Since the initial NYT article, many more women have come forward to tell their stories of harassment at the hands of Weinstein. It has also come out that Weinstein’s behaviour was well-known among the Hollywood elite for decades. Over the past few days, McGowan has called out several people who she told about the assault, but refused to help her.

Yesterday, however, her Twitter account was suspended for 12 hours because she ‘violated the Twitter rules.’ Though the company claimed in a series of tweets that the action was taken because McGowan included someone’s private number in a tweet, the timing was suspicious. When a woman speaking out about rape on a platform is abruptly silenced for a technicality, we have reason to be a little skeptical. As she later pointed out: the president is allowed to threaten North Korea with nuclear war, but she couldn’t call out people who were complicit in serial sexual assault?

TWITTER HAS SUSPENDED ME. THERE ARE POWERFUL FORCES AT WORK. BE MY VOICE. #ROSEARMY #whywomendontreport

A post shared by Rose McGowan (@rosemcgowan) on

McGowan’s account has since been unlocked, but she’s leading a mass boycott of the website in protest. #WomenBoycottTwitter was picked up worldwide by Twitter users, including celebrities. Chrissy Teigen, Gabriel Union, Kerry Washington and Gina Rodriguez have all tweeted their support (before going silent, of course). Some men like Mark Ruffalo and Terry Crews also expressed solidarity and said they too would remain silent for the day.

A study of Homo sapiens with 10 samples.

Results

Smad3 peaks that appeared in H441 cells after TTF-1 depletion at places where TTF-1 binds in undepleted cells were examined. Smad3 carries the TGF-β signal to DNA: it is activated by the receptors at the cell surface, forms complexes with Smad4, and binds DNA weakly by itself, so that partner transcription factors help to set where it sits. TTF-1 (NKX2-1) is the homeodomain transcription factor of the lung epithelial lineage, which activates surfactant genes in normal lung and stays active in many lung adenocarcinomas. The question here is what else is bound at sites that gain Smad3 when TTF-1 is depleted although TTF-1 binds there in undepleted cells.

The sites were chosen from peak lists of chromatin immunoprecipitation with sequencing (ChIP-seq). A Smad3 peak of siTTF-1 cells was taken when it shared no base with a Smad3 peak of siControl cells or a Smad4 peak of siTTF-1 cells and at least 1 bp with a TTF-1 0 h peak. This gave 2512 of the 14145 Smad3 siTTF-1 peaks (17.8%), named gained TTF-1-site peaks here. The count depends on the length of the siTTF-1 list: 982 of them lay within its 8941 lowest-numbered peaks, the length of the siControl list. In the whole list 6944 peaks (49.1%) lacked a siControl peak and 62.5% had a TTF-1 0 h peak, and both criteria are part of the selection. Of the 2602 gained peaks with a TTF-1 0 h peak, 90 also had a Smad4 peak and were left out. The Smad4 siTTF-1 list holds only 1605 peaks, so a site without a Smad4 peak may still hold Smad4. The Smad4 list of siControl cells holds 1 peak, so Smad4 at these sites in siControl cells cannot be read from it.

With all those voices off for the day though, the common opinion of the women left on Twitter is that silencing one’s self is not an effective way to protest being silenced. Women spending a day off Twitter means that for an entire day, there is no female perspective on the site. Women bring discussion and essential criticism to the table and removing that doesn’t seem productive. Women who support the protest say it is to demonstrate what is lost when women aren’t permitted to speak, but who is there to point out what’s missing?

Twitter is one platform where women are actually heard and can create communities. This is especially true for women of colour, as demonstrated in these tweets. Which are on Twitter. And being read by you. Ergo, she is being heard.

It’s great to see such fervent support for women, but most of it was before the boycott began. While some have moved to other platforms like Instagram, the principle of boycotting a platform where you can use your voice and surround yourself with a like-minded and supportive community seems a little ill-conceived.

But keep up the girl power and support for female voices!